Toolkit for Primary Care Providers: Health Care for Adults with Intellectual and Developmental Disabilities

IDD Toolkit Graphic, Square
From the Vanderbilt Kennedy Center, Vanderbilt University Medical Center

These tools were developed by the Developmental Disabilities Primary Care Initiative (DDPCI) (2005-2014), Surrey Place Centre, Toronto, Canada, funded by Ontario Ministry of Community and Social Services and Ontario Ministry of Health and Long-Term Care, Surrey Place Centre, and Surrey Place Centre Charitable Foundation. The DDPCI published Tools for the Primary Care of People with Developmental Disabilities to complement the Primary care of adults with developmental disabilities: Canadian consensus guidelines . All tools © 2011 Surrey Place Centre. Adapted for use in the U.S. by the Developmental Disabilities Health Care E-Toolkit Project. The Vanderbilt Kennedy University Center on Developmental Disabilities adapted the tools for U.S. practice and created the IDD Health Care website with related online training for health care professionals, as well as individuals with intellectual disabilities, family members, and caregivers.

This section focuses on some initial differences that you may encounter in providing care to this underserved population. These tools address those issues. The toolkit also includes sections on General Issues, Physical Health Issues, Health Watch Tables on specific disorders such as autism, Down syndrome and fetal alcohol spectrum disorder, and Behavioral and Mental Health Issues.

IDD Toolkit
This section focuses on some initial differences that you may encounter in providing care to this underserved population. These tools address those issues.
Some people with intellectual or developmental disabilities (IDD) have communication difficulties. People with intellectual disabilities or those whose disabilities directly affect speech, hearing, or sight are more likely to have communication difficulties. Unless a communication barrier is obvious, it is best not to assume one exists unless the patient, a family member, or other caregiver tells you about the barrier. Even when a communication difficulty exists, the exact barrier and the best way to address it often varies.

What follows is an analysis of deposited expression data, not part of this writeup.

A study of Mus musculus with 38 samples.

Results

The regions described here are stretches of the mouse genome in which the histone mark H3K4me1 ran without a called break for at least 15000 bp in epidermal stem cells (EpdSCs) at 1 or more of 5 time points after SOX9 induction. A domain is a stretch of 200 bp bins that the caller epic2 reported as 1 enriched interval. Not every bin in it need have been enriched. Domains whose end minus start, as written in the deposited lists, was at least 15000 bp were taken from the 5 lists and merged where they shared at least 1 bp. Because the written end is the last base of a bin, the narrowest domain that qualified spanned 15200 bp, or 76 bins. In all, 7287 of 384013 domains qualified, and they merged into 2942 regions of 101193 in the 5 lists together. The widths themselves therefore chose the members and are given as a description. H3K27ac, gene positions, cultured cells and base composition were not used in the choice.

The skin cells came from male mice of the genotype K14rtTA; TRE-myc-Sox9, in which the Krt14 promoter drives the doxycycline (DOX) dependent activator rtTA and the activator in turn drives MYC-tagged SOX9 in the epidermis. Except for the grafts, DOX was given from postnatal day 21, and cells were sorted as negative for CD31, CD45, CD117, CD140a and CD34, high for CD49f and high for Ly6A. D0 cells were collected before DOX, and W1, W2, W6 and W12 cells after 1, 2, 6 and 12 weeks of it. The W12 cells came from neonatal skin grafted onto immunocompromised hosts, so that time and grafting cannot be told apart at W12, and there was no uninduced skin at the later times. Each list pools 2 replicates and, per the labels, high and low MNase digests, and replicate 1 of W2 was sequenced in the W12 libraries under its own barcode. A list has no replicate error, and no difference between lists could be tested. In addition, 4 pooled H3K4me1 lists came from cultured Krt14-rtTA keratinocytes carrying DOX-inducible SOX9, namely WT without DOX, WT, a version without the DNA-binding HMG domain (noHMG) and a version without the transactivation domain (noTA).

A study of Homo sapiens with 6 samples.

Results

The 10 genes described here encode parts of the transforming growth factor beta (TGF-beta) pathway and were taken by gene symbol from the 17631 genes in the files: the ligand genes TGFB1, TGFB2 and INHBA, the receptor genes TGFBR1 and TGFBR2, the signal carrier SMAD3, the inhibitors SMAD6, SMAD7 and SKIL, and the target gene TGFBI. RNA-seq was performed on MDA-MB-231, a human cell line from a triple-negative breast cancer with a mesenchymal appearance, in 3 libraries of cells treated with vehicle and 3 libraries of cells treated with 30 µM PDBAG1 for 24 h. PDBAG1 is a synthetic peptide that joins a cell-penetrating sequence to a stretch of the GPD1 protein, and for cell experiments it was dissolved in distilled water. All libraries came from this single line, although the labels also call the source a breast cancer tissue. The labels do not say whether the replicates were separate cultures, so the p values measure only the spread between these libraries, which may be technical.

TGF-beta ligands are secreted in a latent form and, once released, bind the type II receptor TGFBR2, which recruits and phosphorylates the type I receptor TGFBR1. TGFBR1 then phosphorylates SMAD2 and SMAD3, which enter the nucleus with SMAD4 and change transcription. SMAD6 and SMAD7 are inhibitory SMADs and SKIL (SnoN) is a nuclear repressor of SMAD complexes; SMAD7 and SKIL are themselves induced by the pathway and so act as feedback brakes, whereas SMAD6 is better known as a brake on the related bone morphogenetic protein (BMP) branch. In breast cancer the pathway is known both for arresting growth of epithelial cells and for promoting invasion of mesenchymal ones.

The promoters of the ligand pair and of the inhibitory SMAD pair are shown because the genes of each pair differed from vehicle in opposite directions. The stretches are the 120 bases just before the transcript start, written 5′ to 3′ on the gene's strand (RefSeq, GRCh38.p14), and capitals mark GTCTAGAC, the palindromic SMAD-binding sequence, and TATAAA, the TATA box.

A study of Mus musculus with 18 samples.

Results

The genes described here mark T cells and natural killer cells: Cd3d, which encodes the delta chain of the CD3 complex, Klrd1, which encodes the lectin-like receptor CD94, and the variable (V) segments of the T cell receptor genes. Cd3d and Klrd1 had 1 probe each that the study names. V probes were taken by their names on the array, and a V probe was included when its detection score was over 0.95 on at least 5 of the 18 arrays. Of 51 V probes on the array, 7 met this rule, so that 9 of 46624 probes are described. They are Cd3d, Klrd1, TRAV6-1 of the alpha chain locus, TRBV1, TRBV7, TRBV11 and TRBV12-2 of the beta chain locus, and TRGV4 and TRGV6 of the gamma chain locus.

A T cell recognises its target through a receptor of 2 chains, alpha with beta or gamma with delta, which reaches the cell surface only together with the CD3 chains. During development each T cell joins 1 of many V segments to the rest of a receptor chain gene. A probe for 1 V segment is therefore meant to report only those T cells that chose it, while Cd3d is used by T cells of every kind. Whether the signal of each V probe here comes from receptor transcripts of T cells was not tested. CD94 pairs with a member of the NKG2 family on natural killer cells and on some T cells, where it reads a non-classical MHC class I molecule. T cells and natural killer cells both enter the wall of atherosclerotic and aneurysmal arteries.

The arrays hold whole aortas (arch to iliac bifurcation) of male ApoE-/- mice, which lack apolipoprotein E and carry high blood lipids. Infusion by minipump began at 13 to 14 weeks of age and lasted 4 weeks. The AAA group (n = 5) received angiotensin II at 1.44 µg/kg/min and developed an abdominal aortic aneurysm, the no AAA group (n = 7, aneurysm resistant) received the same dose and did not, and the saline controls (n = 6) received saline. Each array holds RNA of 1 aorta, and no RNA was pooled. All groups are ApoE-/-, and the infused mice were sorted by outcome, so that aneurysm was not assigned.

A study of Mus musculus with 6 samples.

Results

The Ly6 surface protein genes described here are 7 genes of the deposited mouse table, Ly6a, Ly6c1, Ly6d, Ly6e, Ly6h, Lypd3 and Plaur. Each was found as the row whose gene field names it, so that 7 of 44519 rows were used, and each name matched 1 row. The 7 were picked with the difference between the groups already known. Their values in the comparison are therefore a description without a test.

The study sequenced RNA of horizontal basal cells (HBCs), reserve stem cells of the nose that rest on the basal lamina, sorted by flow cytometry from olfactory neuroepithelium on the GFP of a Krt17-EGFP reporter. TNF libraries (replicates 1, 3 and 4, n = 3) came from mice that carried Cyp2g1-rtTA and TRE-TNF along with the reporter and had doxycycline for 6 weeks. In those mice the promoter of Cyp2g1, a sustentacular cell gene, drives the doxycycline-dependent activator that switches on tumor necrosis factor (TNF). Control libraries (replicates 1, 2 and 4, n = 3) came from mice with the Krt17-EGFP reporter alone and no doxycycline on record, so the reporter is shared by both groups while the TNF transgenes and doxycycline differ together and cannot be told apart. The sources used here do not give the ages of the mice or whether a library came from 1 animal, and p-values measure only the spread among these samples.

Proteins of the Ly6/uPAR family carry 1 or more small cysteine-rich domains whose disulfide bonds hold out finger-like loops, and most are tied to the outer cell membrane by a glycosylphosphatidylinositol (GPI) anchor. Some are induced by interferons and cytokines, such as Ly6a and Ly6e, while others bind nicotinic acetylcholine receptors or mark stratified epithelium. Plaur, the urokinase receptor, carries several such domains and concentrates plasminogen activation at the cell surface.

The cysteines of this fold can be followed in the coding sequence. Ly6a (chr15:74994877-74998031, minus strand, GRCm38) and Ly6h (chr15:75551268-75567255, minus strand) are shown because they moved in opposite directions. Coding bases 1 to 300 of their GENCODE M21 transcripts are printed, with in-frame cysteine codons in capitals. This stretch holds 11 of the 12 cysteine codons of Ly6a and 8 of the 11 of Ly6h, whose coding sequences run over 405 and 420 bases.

Informed consent requires a physician or other health care provider to furnish a patient with information sufficient to allow the patient to understand and give approval for a proposed medical treatment or the performance of a particular medical procedure. Physicians and health care providers have a duty before performing a procedure to provide adequate explanation to assist the patient’s decision-making process.
Inform the patient that you will be doing a capacity assessment with him/her. Do not assume that the patient will understand the connection between the illness and some consequent intervention.
Understanding the intellectual abilities and adaptive functioning of persons with IDD sets the stage for productive clinical encounters. This, in turn, leads to optimal assessments and appropriate treatments. It also promotes better partnership with persons with IDD and enables them to participate in their own health care.
Example: Encourage office staff, when any new patient makes an appointment, to ask if the patient has a disability or special needs so that the office can be prepared.
Main Reason for Today’s Visit to the Physician or Nurse (To be filled out by the Patient and/or Caregiver) • Please bring an updated form for each visit to the physician/nurse. • Bring an updated medication list, or all medications being taken. • Bring any monitoring forms being used (i.e., sleep or behavior charts). • Keep a copy of this completed form for the patient’s home medical files.